Scientists at the CNIC and Weill Cornell Medicine have identified an inflammatory regulatory circuit controlled by a subtype of endothelial cells in the eye
Researchers at the Centro Nacional de Investigaciones Cardiovasculares (CNIC), working with an international network of scientists, have identified an inflammatory regulatory circuit in the eye controlled by a subtype of endothelial cells, the cells that line the interior of blood vessels. The discovery was made by analyzing gene expression in 8000 cells of the choroid–the vascular layer at the rear of the eye between the retina and the sclera. The results, published today in the Journal of Experimental Medicine, open new perspectives on the study and treatment of retinal vascular diseases and inflammatory disorders that affect the choroid.
In the retina, photoreceptors capture the light energy entering the eye and convert it into electrical pulses that give rise to visual perception, explained Ignacio Benedicto, CNIC researcher and study coordinator. “The activitiy and survival of photoreceptors depends on the choroid. The blood vessels that irrigate the choroid are essential for correct retina function because they provide oxygen and nutrients to the photoreceptors and remove waste products.”
Enrique Rodríguez-Boulan, investigator at Weill Cornell Medicine and study codirector, said: “Failure of choroid function is associated with the development of ocular diseases such as age-related macular degeneration (called AMD), which causes blindness and affects 8.7% of the world population and 25% of people older than 80 years”. In Spain alone, there are an estimated 700,000 people with AMD, and this blindness-linked disease is set to become increasingly common in the future due to progressive population aging.
Unfortunately, the most frequent form of AMD is incurable, and little is known about what causes the disease. This is in part due to the limited state of knowledge about the cell components of the choroid and the mechanisms of molecular communication between them.
The study published in the Journal of Experimental Medicine provides valuable information about how the endothelial cells in the choroid may regulate the development of inflammatory and vascular diseases in the retina.
Three subtypes of endothelial cells
The authors analyzed the choroid of adult mice using the ‘single cell RNAseq’ technique, which allows analysis of gene expression simultaneously in thousands of individual cells.
This analysis revealed that the choroid contains at least three types of endothelial cells. “One subtype is located specifically in the vessels closest to the retina and expresses the gene Indian Hedgehog at levels 300 times higher than are observed in endothelial cells from other organs,” said Benedicto.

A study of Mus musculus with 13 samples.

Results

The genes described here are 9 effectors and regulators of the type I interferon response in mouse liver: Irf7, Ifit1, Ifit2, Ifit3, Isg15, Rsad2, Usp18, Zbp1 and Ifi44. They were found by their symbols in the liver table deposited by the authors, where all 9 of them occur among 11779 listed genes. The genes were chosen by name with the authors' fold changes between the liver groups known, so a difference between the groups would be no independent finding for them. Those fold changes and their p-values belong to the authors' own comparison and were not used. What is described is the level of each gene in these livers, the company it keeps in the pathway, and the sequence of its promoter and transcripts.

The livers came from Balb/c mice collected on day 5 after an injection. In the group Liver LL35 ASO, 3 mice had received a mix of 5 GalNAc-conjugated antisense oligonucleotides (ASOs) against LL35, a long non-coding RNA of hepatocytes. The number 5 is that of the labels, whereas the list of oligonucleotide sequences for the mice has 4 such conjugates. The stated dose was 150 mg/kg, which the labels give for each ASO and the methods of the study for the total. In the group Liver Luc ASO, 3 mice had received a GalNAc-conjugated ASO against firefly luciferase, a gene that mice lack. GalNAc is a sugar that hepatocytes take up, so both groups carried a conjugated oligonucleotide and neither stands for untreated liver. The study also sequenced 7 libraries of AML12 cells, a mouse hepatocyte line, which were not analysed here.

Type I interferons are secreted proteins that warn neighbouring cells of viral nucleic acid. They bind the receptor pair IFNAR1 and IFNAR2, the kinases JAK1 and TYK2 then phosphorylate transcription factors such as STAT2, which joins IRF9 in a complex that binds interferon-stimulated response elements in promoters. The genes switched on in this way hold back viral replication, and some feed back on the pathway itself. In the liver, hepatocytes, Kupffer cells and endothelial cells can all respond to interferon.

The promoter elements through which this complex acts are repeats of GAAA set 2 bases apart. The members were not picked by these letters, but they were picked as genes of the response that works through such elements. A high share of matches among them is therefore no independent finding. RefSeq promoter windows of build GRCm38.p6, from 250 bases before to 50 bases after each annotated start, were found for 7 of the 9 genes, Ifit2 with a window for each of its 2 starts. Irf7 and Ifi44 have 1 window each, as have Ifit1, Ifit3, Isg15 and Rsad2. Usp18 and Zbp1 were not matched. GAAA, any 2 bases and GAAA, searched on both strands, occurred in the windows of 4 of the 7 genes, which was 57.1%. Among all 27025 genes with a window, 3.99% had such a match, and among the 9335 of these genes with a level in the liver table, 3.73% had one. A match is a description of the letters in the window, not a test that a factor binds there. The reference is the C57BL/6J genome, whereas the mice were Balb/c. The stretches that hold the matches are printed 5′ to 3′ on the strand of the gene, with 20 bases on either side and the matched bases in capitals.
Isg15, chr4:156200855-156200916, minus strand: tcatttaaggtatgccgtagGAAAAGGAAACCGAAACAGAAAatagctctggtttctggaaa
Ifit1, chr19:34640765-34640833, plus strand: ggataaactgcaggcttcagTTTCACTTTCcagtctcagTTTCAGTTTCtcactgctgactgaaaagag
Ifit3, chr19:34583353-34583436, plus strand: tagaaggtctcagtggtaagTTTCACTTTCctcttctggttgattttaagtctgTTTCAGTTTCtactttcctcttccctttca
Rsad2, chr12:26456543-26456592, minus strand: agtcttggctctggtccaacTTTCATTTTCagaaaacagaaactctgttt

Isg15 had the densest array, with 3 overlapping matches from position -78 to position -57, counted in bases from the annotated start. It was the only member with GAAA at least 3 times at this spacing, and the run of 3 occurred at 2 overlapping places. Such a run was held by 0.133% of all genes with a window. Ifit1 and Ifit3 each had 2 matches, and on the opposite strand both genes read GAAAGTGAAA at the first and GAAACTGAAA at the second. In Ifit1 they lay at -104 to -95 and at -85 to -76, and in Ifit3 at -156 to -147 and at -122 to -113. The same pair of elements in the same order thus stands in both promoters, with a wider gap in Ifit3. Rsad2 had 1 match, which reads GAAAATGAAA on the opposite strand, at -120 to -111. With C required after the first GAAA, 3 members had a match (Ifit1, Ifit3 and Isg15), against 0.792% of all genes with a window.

Indian Hedgehog encodes a protein called IHH, which is secreted to the cell exterior. The research team therefore wanted to identify the cells that respond to this endothelial signal. First author Guillermo Lehmann, currently an investigator at Regeneron Pharmaceuticals, explained: “Thanks to the use of transgenic mice, we were able to show that IHH acts on a population of pluripotent perivascular cells whose existence in the choroid was undocumented until now. In response to IHH, these cells regulate the numbers of a type of immune cells called mast cells in the choroid.”
The team also found that when they eliminated the expression of IHH in the endothelium, choroidal macrophages reduced the expression of the anti-inflammatory marker CD206. Retinal damage in these mice provoked an exacerbated inflammatory response and a more pronounced vision loss than seen in similarly treated control animals.
The results open new perspectives on the study and treatment of retinal vascular diseases and inflammatory conditions affecting the choroid.
About the CNIC
The Centro Nacional de Investigaciones Cardiovasculares (CNIC), directed by Dr. Valentín Fuster, is dedicated to cardiovascular research and the translation of knowledge gained into real benefits for patients. The CNIC, recognized by the Spanish government as a Severo Ochoa center of excellence, is financed through a pioneering public-private partnership between the government (through the Carlos III Institute of Health) and the Pro-CNIC Foundation, which brings together 12 of the most important Spanish private companies.